As a longtime year-rounder I sometimes forget what a great place the East End is to visit. Suffolk County promotes our beaches, wineries, historic villages and golf courses to tourists. We “locals” know that another perk of life on the East End is the fabulous people—both the regulars and our “fair weather neighbors.” The sights and culture truly offer something for every taste. I’m committed to getting back in the swing—or the “swim” of things in 2014 and here’s how I’ll do it:
1. Go to the beach—any beach
Many East Enders rarely soak up the rays seaside. It’s a classic case of the shoemaker’s children going barefoot. We take it for granted that the coast will always be there and that we’ll get there eventually, but reality hits—all summer we’re super busy with work, and in the winter it’s pretty darned cold. Last year I made it to Havens Beach (I can almost hit it with a stone from my house) a whopping twice for an evening stroll with my husband. This year I’m going there in the light of day.
2. Red or white? Yes, please
This year I’m not just going to visit some local wineries; I plan to invest in local wine—by the case. More and more of my friends are joining the Wölffer Estate Wine Club. That could be the one for me, I’m a fan, but I’ll check out the North Fork, too. Love that North Fork experience.
3. It takes a village
I shall re-read Dorothy Zaykowski’s Sag Harbor, The Story of an American Beauty this year. I live in the village; I remember that it has a fascinating history—but not many of the details. I will grow to appreciate it all the more and be prepped to impress visiting friends and family with…the top 14 reasons Sag Harbor used to be called “The Unhampton.” And I’m going to read Melville’s Moby Dick. Which is to say, I’m going to read all the words that surround his reference to Sag Harbor as “Sin City.”
4. Thank you, Mr. President
I’m going to climb the Montauk Point Lighthouse—on the inside, relax. I’ve done it once before. It was transcendaently awesome. George Washington had the lighthouse erected to save ships, but maybe he also knew that it would provide a cardio workout and a breathtaking panoramic view for generations to come.
Who doesn’t love the Big Duck in Flanders? No one! This is the very structure that coined “duck” as an architectural term. You can build structures in the shapes of hamburgers or derby hats—but they’re all called “ducks.” And if that isn’t exciting enough to lure you in—they sell cool patches inside that depict the Big Duck, which you can sew onto your jeans jacket. The last time I was there I bought my son a patch—can’t imagine why he didn’t take that jacket to college. Maybe I should mail it to him.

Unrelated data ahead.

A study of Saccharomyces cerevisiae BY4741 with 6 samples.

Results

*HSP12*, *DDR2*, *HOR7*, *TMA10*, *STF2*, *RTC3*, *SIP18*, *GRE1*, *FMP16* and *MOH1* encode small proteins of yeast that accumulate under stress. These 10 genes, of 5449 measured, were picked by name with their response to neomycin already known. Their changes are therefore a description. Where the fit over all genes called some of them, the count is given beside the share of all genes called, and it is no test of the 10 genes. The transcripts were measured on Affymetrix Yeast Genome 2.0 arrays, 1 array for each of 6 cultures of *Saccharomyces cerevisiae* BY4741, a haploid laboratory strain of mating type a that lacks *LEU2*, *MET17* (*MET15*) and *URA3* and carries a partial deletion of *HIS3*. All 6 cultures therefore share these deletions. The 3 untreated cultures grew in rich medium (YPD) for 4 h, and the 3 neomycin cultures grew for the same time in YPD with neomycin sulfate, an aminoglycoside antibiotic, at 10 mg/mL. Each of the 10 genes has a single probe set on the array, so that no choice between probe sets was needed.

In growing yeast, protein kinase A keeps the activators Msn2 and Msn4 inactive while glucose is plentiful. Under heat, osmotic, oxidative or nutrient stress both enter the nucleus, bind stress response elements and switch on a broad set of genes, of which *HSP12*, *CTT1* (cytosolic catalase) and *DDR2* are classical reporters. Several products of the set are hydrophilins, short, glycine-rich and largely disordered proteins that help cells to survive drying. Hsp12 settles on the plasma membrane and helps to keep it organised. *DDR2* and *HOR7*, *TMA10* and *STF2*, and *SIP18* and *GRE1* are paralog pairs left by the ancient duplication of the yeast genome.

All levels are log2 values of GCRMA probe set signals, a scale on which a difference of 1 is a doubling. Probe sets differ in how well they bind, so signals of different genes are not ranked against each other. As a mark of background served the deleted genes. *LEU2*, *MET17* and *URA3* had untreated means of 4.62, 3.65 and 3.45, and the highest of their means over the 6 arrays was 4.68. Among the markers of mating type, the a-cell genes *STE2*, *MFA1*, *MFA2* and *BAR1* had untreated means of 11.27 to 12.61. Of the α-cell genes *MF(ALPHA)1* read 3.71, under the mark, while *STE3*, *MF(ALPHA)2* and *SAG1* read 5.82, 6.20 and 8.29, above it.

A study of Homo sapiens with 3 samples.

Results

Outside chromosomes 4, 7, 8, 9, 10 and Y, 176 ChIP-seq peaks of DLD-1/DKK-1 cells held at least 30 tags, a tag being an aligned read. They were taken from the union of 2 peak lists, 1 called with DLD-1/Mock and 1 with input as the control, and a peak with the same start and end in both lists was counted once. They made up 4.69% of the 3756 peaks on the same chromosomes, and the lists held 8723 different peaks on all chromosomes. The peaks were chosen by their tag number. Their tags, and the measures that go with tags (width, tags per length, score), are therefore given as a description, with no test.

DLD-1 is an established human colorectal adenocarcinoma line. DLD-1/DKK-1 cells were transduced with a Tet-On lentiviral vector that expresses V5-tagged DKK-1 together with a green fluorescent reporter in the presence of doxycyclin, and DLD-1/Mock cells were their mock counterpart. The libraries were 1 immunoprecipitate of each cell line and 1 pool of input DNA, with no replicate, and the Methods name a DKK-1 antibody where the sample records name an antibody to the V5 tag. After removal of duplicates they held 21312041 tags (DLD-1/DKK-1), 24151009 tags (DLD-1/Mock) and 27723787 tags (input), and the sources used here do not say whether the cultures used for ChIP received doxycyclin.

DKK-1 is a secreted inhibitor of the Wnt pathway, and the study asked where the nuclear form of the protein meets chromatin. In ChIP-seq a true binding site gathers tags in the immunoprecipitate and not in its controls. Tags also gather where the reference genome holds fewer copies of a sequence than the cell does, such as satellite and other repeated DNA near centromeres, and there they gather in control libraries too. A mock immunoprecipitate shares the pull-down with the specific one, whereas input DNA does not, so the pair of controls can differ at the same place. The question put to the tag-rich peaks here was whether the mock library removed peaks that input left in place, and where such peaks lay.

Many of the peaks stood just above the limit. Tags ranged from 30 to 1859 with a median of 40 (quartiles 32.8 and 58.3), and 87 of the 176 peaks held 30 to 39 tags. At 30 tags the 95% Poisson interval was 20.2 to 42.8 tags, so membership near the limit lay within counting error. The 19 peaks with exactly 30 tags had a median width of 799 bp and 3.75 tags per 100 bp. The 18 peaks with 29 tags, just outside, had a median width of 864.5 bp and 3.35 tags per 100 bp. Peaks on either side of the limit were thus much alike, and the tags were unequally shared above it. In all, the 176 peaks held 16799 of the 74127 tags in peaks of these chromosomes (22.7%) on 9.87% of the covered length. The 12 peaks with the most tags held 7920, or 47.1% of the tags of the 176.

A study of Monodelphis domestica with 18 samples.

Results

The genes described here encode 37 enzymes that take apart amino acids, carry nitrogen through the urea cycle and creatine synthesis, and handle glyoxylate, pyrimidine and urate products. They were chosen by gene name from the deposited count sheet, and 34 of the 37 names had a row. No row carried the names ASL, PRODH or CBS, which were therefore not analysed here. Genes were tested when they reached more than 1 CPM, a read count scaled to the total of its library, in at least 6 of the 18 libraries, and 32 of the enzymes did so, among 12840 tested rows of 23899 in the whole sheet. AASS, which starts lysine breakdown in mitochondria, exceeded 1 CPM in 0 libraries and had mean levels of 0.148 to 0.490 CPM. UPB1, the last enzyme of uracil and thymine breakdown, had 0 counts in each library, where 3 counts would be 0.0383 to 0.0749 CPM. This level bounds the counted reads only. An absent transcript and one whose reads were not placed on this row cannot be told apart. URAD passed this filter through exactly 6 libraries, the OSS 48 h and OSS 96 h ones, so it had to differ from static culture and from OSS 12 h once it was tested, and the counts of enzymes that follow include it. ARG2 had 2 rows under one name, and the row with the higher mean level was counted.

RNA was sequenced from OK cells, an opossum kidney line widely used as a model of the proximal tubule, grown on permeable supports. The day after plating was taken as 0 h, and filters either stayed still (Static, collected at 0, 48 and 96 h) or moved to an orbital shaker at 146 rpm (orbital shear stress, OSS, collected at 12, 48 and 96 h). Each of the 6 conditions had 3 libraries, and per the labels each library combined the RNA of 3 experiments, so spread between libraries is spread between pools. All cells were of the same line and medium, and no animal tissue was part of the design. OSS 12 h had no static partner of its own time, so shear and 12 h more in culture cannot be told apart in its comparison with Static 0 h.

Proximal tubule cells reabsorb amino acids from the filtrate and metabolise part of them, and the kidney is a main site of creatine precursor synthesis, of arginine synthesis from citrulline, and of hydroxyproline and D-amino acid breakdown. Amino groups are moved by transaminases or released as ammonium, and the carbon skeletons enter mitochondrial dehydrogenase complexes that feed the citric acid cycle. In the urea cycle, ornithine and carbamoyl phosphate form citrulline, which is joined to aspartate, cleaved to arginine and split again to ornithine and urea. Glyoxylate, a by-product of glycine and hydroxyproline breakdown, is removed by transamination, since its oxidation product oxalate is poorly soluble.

6. Beyond the beach
I’m not just going to go to the beach and picnic. I shall make my own local sea salt from ocean water. Why buy salt? The natives didn’t. Amagansett Sea Salt makes it look so sexy. After sea salt I’m going to start making my own beer and hard cider and vinegars. Hmm, I’ll have to do this late in the year—otherwise I might never leave the house.
7. South of the Highway
I’ll explore Wainscott—not the Wainscott we all know along Montauk Highway where the Seafood Shop and Breadzilla are, though that does beckon. I’m headed to the interior to discover Wainscott’s original Main Street. While there I will accost a passerby and ask him or her to tell me where he or she lives. I need to know if locals actually pronounce it “Wayne-skit.”
8. Down on the farm
Hold onto your straw hats, I’m going to visit every farmers market on the East End. It makes sense to shop at your most local market; it’s the right thing to do. I’m going to be bad, really bad, and hit every one at least once. Sure I’ll continue to shop at Sag Harbor’s every Saturday but also Greenport, Shelter Island, Springs and Westhampton Beach at some point. Montauk of a Thursday. East Hampton and Hayground on a special Friday and Southampton come a certain Sunday—it will not be my “day of rest.” I shall gather the best of the best seasonal produce, recipes and gossip ever.
9. Now Open
I’m going to take a studio tour—any studio tour—on the East End. Maybe a highly organized, daylong fundraiser of an event or maybe just one rum-soaked evening with a new artist friend. I crave original, visual stimulation. Is that a Talking Heads song lyric or just the curator inside my head? Maybe I’ll discover the next Eric Fischl. If I do, you can read all about it in Dan’s.
10. Light the lights!
I will see every production at Bay Street Theatre this summer. Confession: Last year I missed one. Conclusion: That’s pathetic! I love live theatre and I live right there! Solution: Don’t miss anything at Guild Hall either!
I meet a lot of famous people out here. Some of them I greatly admire, and I’d love to chat with them at length. This year I’m going to invite some of them to dinner. What have I got to lose? Gael Greene likes my cooking. So what if I don’t live in a mega McMansion—most people don’t. I can decant wine—or seltzer.
12. Everything old…
I’m going to visit a bunch of East End museums. I went to them all when East End history was new to me—except for the East End Seaport Museum in Greenport, so I’ll start there. I wonder if they have a cool patch for my son’s jean jacket.
13. Bringing up my rear
I shall run—okay, mostly walk—a 5K for charity. There are tons of these races out here, all for great causes. (I will not be participating in any icy plunges until the year that Global Warming does away with the “icy” aspect. Momma didn’t raise no fools.)
Last but never least, the #14 dosa at the Hampton Chutney Company in Amagansett. I will get one and face plant. Butternut squash, goat cheese and beets! It’s the best dosa no matter which of the chutneys you choose to accompany it. And it’s seasonal—you can’t get it any old time, because the squash has to be just right. 2014, the year of the squash…won’t you join me?